How to Play Strings
The strings - violin, viola and cello - share several common traits. All have four strings, tuned with the same intervals between them, and are mostly played with play rubbing a bow over the strings (called "arco") with one hand whilst the other hand fingers the notes. They can also be played by plucking the strings ("pizzicato").
How To StartFor violin and viola, sit on a straight backed chair, and tuck the instrument under your chin, the neck pointing to the left so you can finger it easily. Don't put too much pressure on the body of the instrument, just enough so that it will stay.
Check the tuning. For a violin, from bottom string to top, the tuning is G(4)D(3)A(2)E(1). Working from an electronic tuner, piano, or pitch pipe, get each string close with the tuning pegs, then use the fine tuners (screws located above the bridge). For a viola it's CGDA.
The cello is much bigger, and held upright between the knees, the body resting on an adjustable spike. The bow is held horizontally, and the neck is held to the left side of the head. The cello is also tuned CGDA, but an octave below the viola.
With the instrument in place, use the index finger of your right hand and pluck each open string in turn. Pluck across the string rather than up and down. Keep the pressure even.
Using the BowFor most playing you'll use the bow. First of all you need to tighten it (loosen it again after playing), so there's a gap of about ¾" between the hair and bow at the closest point. Put rosin on the hair. Hold it in your right hand, and place your right thumb on the inside part of the bow. Lay your three fingers lightly on the top of the bow and your little finger close to the adjustment screw.
Rest the bow on the bottom string of the violin (G, C on viola and cello) and draw it down in a smooth motion, with not too much pressure. Now reverse the direction. Keep the motion smooth. At first the note you produce will be uneven and raucous, but keep playing until the sounds becomes steady and even. Keep the bow hair at the same point on the string as you play. Now try the next string and move along until you can play each one evenly.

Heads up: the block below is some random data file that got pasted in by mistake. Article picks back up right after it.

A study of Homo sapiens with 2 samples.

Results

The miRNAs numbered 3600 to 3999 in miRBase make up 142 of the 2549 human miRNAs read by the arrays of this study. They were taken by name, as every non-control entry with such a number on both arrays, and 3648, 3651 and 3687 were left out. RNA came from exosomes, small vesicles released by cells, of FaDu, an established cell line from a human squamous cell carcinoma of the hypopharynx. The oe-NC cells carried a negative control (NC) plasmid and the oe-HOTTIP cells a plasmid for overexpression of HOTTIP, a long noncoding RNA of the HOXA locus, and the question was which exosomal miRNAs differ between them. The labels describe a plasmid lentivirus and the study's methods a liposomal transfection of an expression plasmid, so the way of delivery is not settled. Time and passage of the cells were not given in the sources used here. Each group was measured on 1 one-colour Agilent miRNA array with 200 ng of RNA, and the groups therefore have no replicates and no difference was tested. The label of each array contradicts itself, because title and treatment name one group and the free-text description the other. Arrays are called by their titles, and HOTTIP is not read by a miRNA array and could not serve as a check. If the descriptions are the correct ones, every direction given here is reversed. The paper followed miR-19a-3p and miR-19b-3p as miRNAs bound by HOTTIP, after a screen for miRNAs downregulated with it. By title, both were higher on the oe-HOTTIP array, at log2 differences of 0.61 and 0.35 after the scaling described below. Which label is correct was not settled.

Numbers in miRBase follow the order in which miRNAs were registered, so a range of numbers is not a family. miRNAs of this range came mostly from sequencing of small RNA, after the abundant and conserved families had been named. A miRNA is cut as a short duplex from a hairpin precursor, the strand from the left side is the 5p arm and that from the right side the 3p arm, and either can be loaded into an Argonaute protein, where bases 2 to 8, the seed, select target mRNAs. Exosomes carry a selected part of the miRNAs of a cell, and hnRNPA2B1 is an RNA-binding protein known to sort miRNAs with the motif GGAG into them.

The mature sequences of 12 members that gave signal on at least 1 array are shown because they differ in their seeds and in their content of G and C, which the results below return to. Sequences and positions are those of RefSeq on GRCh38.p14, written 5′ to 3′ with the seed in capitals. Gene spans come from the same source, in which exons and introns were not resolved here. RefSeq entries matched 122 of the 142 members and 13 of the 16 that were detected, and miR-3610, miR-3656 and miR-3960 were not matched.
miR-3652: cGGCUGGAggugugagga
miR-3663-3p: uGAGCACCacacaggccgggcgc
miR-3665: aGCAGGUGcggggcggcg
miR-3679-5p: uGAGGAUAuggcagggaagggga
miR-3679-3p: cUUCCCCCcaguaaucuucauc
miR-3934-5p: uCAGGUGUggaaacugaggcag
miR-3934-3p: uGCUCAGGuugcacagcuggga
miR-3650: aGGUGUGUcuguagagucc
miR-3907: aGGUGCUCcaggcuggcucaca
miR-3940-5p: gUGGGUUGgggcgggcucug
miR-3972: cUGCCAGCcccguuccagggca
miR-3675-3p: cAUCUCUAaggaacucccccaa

FingeringPut the thumb of your left hand under the neck, with the rest of your fingers, held above the strings. Play the open second string, and then put the first finger of your left hand on the bottom string close to the bottom of the neck, adjusting it until the sound is exactly an octave below the open second. As you'll have noticed, there are no frets to show you where to place your fingers. It's a matter of practice and familiarity.
Now try it on the third string. Play the open top string, and then position your index finger on the third string until the note is an octave lower. Now try playing the third string open, and find the corresponding place on the bottom string, much further up the neck.
Play over and over, trying to find the notes. It's not easy, and you'll make lots of mistakes, but with practice you'll be able to move between the strings and even play a tune.
There's a lot more to learn, as you've only just begun. But with these basics, you've made a start on a pleasure that can last a lifetime.